Conventional Fractionated Versus Hypofractionated Radiation for Prostate Cancer: A 10-Year Update
Posted: Monday, May 18, 2020
A 10-year update of a randomized, prospective study, published in the Journal of Clinical Oncology, found that conventional fractionated intensity-modulated radiation therapy and moderate hypofractionated intensity-modulated radiation therapy appeared to be equally effective among men with localized prostate cancer. Using updated risk groups and definitions of biochemical failure, the study findings build on results from a previous single-institution trial published in 2013.
“What’s exciting is that we have 10-year randomized prospective data, which is the gold standard for studies, and the original results held up,” Eric M. Horwitz, MD, stated in a press release by the Fox Chase Cancer Center. “So, the short course of treatment isn’t better, it’s the same. But that’s good because patients get done in 5 weeks instead of 8 weeks. Essentially, what the study shows is that it’s effective, it’s safe, and it’s just more convenient.”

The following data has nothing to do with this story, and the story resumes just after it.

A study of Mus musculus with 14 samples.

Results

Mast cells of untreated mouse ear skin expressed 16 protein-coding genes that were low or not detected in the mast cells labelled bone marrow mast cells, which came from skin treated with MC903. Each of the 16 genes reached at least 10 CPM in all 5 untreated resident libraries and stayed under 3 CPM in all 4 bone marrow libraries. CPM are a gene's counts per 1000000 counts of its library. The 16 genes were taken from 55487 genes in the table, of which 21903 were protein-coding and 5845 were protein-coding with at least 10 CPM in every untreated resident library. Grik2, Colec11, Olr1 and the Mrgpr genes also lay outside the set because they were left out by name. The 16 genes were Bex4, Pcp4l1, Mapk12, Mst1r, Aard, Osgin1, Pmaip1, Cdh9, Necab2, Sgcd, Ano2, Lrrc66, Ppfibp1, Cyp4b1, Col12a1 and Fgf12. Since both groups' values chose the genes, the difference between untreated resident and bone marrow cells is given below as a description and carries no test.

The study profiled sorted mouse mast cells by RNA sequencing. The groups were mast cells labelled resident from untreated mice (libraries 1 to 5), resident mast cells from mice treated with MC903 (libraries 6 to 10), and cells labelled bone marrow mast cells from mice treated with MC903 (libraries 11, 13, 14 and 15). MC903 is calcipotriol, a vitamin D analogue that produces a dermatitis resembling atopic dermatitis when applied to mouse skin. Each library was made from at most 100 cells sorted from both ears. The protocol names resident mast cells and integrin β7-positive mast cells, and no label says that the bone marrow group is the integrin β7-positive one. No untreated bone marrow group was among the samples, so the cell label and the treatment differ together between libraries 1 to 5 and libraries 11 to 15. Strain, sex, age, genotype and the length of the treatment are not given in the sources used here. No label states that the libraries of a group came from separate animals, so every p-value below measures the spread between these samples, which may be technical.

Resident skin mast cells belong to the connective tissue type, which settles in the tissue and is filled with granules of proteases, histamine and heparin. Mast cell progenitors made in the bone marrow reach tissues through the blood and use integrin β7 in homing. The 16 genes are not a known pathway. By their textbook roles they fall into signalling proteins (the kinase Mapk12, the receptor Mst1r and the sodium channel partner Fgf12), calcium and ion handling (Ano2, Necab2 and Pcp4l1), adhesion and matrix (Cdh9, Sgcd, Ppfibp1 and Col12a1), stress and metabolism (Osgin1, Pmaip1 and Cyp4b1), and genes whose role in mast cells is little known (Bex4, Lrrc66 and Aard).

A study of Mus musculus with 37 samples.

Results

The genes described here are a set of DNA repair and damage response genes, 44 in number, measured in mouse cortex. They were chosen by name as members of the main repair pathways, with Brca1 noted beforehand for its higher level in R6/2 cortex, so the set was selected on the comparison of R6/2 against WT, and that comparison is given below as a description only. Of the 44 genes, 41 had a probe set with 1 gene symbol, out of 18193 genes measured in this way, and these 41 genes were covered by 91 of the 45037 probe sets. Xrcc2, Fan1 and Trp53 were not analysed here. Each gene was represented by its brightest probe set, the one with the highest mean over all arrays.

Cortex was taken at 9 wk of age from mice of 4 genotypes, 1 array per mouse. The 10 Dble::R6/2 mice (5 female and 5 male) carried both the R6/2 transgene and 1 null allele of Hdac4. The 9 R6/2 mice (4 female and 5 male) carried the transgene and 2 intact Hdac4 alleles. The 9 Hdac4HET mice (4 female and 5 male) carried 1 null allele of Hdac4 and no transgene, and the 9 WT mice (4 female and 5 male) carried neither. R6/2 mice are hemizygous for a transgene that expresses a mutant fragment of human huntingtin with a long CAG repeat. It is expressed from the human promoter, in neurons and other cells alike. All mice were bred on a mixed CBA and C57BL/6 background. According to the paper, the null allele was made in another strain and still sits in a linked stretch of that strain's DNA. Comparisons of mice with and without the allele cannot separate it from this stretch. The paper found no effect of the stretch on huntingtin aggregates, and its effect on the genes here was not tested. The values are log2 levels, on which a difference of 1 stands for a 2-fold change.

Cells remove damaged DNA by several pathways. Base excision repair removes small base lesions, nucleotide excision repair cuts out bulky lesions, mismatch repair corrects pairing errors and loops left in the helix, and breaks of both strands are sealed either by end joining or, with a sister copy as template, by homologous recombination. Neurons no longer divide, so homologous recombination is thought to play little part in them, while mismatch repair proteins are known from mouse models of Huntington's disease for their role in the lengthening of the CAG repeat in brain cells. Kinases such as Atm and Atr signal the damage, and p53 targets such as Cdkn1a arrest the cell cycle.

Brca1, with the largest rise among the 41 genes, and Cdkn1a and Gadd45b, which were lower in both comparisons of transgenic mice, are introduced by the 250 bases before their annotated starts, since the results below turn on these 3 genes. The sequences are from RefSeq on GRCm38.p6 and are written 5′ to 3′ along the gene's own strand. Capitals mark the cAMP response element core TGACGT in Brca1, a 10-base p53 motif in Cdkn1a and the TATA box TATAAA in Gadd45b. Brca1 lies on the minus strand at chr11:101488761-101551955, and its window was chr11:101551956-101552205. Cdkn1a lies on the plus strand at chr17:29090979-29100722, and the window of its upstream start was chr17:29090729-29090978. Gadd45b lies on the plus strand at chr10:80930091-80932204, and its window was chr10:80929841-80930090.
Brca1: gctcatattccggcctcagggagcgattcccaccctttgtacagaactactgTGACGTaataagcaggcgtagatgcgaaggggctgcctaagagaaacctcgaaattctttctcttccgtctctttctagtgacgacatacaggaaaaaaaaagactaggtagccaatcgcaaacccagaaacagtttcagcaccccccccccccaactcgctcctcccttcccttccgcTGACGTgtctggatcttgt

The researchers randomly assigned 303 men with intermediate- and high-risk prostate adenocarcinoma to receive conventional fractionated or hypofractionated radiotherapy. Patients with high-risk disease were prescribed 24 months of androgen-deprivation therapy and lymph node irradiation. Men with intermediate-risk disease were prescribed 4 months of androgen-deprivation therapy at their physician’s discretion. The median follow-up was 122.9 months.
Androgen-deprivation therapy use did not significantly differ between the two treatment groups (P = .56). There was no difference in the 10-year cumulative incidence of biochemical or clinical disease failure between the two radiation groups. The rate of disease failure was 25.9% among patients in the conventional-fractionation group and 30.6% in the hypofractionated-radiation group (P = .25). The 10-year rates of biochemical failure, prostate cancer–specific mortality, and overall mortality were also similar, although the incidence of distant metastases was significantly higher with the hypofractionated therapy (14.3% vs. 6.4%; P = .08).
Disclosure: For full disclosures of the study authors, visit ascopubs.org.